Some of you might be interested this project I have been working on. I recently uncovered my old FICS Fusion project which has been in storage for a couple of years and decided to give it another go. Apart from redesigning the actual fusion chamber I also wanted to change the remote control which was a National Instruments DAQ and ran on Windows only (I find it hard to work when Microsoft has one hand in my pocket).
To cut a long story short I bought a Labjack U3 and installed Linux Ubuntu on the laptop. Unfortunately the LabJack didn't come with any useful GUI for Linux, only some basic drivers written in Python which I had no experience with. Anyway, encouraged by my son who is a Python fan I decided to try and write a program for the Labjack. It was a steep learning curve and I spent far more time than I anticipated, but I finally have something that works.
I call this a beta version, it works but expect to make improvements as I start using it.
The program is written in Python using Dash Plotly modules and it opens in a browser, the instruments are relatively easy to change if the user wants a different look. Some knowledge of Python is necessary.
The program handles 4 analogue inputs (0-5Volts), one digital counter input and two analogue outputs (0-5 volts). Cheap modules are available from Labjack if you need 0-10 volts output. The sampling happens at up to 50 kHz, but it only records averages at around 10 times a second.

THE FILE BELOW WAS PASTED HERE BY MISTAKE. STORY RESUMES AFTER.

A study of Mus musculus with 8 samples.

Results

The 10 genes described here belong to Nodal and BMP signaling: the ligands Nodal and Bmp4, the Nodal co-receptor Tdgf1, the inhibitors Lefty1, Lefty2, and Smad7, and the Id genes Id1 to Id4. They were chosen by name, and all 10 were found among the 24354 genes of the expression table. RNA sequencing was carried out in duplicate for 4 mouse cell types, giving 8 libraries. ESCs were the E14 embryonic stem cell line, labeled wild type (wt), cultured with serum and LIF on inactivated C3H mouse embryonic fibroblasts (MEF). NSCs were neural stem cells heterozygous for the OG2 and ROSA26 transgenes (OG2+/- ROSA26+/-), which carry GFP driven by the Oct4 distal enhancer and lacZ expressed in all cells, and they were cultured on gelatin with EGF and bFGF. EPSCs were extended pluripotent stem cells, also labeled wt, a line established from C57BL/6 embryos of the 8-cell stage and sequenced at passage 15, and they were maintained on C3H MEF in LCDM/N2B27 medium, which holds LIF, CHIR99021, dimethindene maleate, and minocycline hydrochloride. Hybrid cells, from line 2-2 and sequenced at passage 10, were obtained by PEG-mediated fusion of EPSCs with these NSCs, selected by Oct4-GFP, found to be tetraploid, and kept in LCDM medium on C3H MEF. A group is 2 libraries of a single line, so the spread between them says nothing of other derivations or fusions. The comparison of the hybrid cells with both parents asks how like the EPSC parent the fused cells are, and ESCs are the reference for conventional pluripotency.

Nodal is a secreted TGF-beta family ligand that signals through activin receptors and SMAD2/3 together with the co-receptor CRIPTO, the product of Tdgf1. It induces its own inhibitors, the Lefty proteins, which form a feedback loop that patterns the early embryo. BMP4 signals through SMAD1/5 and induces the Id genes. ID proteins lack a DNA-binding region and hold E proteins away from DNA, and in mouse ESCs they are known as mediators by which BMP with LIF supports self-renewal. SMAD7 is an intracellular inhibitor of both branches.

I have included options in the settings to customise the program for any experiment and it is easy to change the text fields, instrument names, instrument scales and factors, making the program useful for any kind of data logging experiment.
When the program is run for the first time it creates an SQLite database into which the data is saved. there are two main tables in the database, one temp_readings table and one dac_readings, when the recording switch is set to NOT_RECORDING data is written to the temp table and when it is set to RECORDING data is written to the DAC table. The temp data is overwritten every time you change the switch. Each permanent recording gets a new sequential run number.
Post run analysis can be done by doing a data dump to CSV and opening the file in a spreadsheet.
As the program is written in Python and essentially runs in a browser, it will run on all platforms including Windows, Mac or Linux. The installation process is relatively simple although some command line prompts are necessary in order to install the drivers necessary.
The latest version can be downloaded from the Github repository here: https://github.com/ssesselmann/labjack-dash
Labjack U3 can be found here: https://labjack.com/products/u3
Just for the record, I have no association with LabJack or their products. With my sons help I put a lot of work into this and just want to share this with anyone who might find it useful 😊.
Now I have some grip on Python it would be interesting to try and write a simple MCA 👀.